Sometimes on a wet Sunday it is best just to batten down the hatches and give up trying to do anything except curling up with a good film on the TV and a fire – well it is June after all! I was just getting ready to stop for the day and curl up with The Devil Wears Prada when my telephone rang. It was Badger’s last rider, Lauren. She was in the area and would love to see the old chap if I were around. Ah well – it wasn’t as if I couldn’t record the film and watch it any time.
A short time later Lauren and her father arrived. She hadn’t seen Badger for over a year since he had come home to retire when she became too old to compete on him. As she came into the house I could see there was no point in making small talk, her thoughts and heart lay elsewhere so we pulled on coats and braved the rain to go to the stables.
With our appalling Irish weather I often get chance to thank my lucky stars that my stables are all under cover, just as I did that day. We were able to get Badger out of his stable to eat the carrots we had bought and so that Lauren could hug him properly. Within moments it was crystal clear that he remembered her very well as he was soon lifting his left foreleg, begging for treats, something I had taught him years and years ago. I don’t often get him to demonstrate his skill, but Lauren clearly had and he very obviously remembered her.
I was so impressed by him remembering her so well that I recounted the story to my farrier who came the following day. Of course, in the horse world everyone has a bigger fish story and my farrier was no different. While he shod Kinsale he told me about a Thoroughbred who was bred by one of his clients. The horse stayed with them until it was four. During its time with its breeders it was let out daily into the sand arena for a roll, something he clearly enjoyed very much. At four, he went to be broken in and was then sold on into training. After a number of years in training and many successes the horse was injured and had to be retired. He, like Badger, was returned to his original owners.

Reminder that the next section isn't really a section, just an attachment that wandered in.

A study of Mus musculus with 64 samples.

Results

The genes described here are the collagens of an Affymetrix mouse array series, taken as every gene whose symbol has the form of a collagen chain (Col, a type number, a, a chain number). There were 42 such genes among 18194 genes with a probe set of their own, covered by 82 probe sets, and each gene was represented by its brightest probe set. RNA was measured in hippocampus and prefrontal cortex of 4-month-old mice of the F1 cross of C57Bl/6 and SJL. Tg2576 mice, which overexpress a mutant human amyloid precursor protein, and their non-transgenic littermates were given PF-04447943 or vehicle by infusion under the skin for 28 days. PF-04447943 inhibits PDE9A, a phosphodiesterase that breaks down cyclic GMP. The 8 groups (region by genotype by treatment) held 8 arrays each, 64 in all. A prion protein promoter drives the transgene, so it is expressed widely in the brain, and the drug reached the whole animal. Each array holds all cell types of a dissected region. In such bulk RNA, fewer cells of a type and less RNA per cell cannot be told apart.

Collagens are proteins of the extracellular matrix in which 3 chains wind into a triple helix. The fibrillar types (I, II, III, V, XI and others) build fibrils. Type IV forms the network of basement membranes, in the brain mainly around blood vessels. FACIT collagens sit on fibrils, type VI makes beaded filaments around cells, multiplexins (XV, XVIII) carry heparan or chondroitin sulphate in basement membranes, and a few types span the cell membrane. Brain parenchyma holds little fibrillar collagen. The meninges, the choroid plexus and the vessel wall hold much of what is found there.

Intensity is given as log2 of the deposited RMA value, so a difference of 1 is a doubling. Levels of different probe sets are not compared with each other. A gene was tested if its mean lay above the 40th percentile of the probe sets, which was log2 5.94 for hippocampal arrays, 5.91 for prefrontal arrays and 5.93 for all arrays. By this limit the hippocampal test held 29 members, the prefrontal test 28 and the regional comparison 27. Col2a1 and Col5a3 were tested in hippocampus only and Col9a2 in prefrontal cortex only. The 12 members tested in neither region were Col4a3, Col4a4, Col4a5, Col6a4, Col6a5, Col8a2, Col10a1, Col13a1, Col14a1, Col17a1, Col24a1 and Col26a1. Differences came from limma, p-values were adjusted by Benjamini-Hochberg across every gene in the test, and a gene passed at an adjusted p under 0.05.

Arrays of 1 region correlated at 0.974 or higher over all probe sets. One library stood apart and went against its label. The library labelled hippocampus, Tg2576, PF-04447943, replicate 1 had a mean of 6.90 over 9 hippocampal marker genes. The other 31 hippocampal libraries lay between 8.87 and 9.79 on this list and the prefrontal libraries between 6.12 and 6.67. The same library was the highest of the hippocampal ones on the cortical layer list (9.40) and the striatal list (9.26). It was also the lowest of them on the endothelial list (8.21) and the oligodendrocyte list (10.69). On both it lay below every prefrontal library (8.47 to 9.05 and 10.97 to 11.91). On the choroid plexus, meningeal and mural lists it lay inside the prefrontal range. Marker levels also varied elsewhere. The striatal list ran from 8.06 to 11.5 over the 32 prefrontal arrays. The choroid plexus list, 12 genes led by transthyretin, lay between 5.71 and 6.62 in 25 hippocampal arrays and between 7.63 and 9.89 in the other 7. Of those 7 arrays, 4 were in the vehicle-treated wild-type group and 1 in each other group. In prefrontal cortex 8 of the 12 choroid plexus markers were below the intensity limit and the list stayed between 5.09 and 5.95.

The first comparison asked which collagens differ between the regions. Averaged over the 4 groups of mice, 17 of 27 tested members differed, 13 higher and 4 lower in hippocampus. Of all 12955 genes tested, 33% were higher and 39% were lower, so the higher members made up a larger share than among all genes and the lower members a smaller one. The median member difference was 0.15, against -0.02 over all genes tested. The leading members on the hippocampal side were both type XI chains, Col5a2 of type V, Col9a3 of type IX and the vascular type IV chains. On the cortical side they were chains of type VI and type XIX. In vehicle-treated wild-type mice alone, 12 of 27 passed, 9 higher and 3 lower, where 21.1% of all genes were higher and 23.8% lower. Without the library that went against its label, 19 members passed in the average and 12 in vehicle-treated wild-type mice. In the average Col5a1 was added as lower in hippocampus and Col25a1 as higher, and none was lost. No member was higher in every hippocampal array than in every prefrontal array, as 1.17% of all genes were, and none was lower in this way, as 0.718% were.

The sand arena that the horse had loved so much had been grassed over as the family did not need it any more, but as soon as the racehorse was turned out into the field where the arena had been he trotted straight to his usual place and began to dig up the soil, looking for the sand he loved rolling in.
Another story the farrier related was of a family who had a black pony, who would whinny each time it saw its rider’s mother, presumably as she was the one who fed him. Some six or seven years after the pony had been outgrown and sold on out of the area, the original owners were at a show and parked next to a lorry which had a bunch of ponies on it. As soon as the mum got out of their jeep and started to talk they could hear whinnying from the lorry and eventually established that the noise was coming from a black pony who had once belonged to them. So clearly ponies and horses do have really long memories!